Northwestern parents charged in college admissions scheme plead not guilty


Via Mercury News Youtube

Manuel and Elizabeth Henriquez. The Northwestern parents pled not guilty to two charges related to the college admissions scandal.

Gabby Birenbaum and Alan Perez

The parents of a Northwestern student charged in the college admissions scheme have entered pleas of not guilty, according to court documents filed earlier this week.

In response to a superseding indictment, Manuel and Elizabeth Henriquez waived their right to an arraignment hearing and entered the pleas. The two will now join 17 other wealthy parents, all of whom are facing a new second charge of money laundering conspiracy, taking their chances in defending themselves in court.

Howard Mintz, a spokesperson for the lawyer representing Manuel Henriquez, declined to comment Wednesday night. A lawyer for Elizabeth Henriquez did not immediately respond to a request for comment.

Thirteen parents facing only the initial charge of conspiracy to commit mail fraud and honest services mail fraud have agreed to plead guilty. The Henriquezes were indicted on the two charges after they rejected a plea deal with the U.S. Attorney in Boston.

The Henriquezes and dozens of other parents were charged last month for participating in a far-reaching college admissions scandal. Prosecutors say the wealthy parents paid a college counseling service to set up phony proctors for college admission exams and bribe athletic coaches to save the students spots in incoming classes.

Though prosecutors say parents were the scheme’s principal actors, they are also reportedly looking at charges against students. Law360, a legal news service, reported that students of parents implicated in the scandal have received target letters informing them that they may be targets of an investigation, though students who knew of the activity but were under 18 at the time are in the clear.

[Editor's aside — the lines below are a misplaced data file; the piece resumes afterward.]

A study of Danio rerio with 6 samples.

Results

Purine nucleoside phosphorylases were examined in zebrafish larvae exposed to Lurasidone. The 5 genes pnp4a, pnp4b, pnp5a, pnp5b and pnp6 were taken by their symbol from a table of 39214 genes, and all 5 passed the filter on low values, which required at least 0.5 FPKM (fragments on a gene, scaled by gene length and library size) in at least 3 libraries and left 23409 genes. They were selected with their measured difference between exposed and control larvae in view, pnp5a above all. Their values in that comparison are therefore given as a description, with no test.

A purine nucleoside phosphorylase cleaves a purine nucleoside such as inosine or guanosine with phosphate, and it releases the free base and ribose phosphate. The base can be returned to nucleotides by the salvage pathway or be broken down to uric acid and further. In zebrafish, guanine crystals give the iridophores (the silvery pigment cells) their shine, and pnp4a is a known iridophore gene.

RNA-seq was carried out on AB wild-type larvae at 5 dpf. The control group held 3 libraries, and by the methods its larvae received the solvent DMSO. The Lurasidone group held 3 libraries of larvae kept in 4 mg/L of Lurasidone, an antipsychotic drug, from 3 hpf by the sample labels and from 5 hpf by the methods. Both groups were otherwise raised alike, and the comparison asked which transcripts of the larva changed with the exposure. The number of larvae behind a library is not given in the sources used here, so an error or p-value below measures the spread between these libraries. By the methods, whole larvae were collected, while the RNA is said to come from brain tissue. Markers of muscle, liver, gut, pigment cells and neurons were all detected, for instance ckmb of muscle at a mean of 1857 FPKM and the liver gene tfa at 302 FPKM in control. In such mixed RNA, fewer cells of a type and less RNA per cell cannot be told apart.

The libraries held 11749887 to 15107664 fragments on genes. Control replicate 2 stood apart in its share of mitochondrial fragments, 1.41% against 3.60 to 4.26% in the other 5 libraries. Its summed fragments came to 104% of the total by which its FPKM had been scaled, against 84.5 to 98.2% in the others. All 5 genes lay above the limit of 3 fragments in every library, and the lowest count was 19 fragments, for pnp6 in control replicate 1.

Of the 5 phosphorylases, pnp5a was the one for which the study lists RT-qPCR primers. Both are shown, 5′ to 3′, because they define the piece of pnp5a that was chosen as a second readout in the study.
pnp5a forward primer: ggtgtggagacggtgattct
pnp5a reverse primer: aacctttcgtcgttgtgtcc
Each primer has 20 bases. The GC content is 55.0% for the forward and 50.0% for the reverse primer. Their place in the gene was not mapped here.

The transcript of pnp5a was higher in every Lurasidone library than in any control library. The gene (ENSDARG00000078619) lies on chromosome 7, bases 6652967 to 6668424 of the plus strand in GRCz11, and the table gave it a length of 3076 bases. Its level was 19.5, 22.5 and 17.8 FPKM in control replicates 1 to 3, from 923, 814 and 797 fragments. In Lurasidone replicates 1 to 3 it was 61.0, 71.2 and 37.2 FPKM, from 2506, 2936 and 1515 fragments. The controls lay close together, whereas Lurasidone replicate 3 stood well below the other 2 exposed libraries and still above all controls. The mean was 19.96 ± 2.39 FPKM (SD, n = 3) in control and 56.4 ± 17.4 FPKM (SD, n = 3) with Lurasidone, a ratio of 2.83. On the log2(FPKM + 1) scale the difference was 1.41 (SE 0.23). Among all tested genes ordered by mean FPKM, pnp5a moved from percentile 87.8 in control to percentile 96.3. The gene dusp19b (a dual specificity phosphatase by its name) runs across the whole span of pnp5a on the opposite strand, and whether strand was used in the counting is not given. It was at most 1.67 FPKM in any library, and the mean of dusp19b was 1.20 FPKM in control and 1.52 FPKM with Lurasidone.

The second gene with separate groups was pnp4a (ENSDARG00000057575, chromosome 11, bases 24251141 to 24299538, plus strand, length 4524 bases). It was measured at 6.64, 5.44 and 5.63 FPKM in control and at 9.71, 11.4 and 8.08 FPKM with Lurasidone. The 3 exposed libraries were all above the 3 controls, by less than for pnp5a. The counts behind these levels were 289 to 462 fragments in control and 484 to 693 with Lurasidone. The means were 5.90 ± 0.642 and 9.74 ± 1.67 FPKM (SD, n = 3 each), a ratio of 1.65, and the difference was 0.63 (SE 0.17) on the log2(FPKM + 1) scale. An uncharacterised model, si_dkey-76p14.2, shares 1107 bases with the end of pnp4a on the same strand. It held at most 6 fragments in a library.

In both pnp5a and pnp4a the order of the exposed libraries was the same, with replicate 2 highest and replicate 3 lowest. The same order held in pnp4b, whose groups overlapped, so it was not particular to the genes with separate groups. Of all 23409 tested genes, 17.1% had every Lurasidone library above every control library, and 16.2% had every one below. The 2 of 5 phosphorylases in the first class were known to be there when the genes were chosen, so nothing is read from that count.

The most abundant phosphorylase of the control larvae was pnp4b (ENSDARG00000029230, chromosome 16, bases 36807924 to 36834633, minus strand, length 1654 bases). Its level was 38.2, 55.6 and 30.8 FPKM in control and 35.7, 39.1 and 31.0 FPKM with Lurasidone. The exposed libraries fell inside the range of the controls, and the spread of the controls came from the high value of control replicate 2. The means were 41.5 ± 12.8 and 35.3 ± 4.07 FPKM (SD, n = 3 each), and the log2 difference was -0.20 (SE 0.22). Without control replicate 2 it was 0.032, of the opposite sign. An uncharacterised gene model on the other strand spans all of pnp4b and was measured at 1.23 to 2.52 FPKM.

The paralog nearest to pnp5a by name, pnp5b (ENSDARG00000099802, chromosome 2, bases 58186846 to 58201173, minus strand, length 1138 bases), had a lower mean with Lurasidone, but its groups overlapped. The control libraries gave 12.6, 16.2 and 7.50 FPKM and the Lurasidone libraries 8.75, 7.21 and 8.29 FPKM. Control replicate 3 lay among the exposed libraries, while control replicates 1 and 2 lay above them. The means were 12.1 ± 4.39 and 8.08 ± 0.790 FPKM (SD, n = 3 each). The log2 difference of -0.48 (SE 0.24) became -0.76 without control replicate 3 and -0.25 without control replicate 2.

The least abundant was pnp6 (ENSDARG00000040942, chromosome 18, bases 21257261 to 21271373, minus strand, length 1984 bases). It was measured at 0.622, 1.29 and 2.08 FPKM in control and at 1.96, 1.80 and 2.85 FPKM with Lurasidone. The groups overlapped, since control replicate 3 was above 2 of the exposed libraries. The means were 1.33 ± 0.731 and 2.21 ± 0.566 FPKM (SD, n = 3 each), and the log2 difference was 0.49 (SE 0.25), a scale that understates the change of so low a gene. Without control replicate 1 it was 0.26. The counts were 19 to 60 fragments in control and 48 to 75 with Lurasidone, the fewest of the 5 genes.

The eldest Henriquez daughter and her mother “gloated” about cheating on a college admission exam, prosecutors say, while the younger daughter was fed answers by a proctor while taking the ACT. It is unclear whether either of them were minors during the alleged cheating.

In pleading not guilty, the Henriquezes are likely gearing up for a legal battle. Lawyers for other parents who have pled not guilty have sent letters to the court arguing that the parents should not be tried together as a group, according to Bloomberg. One couple, Gregory and Amy Colburn, are having a lawyer invoke a 1946 Supreme Court case to argue that parents’ lack of knowledge about the dealings of other involved parents precludes them from being involved in and charged with conspiracy.

Legal experts told the Los Angeles Times that parents may claim Rick Singer, the mastermind behind the college admissions scandal, manipulated their concern for their children into criminal activity — a risky proposition considering the mountain of evidence and wiretaps against the plaintiffs. The attorneys for Bill McGlashan, a parent who pled not guilty, will argue he only received legitimate college counseling services.

The Henriquezes have not indicated what their defense will be. If found guilty, they face up to 40 years in prison.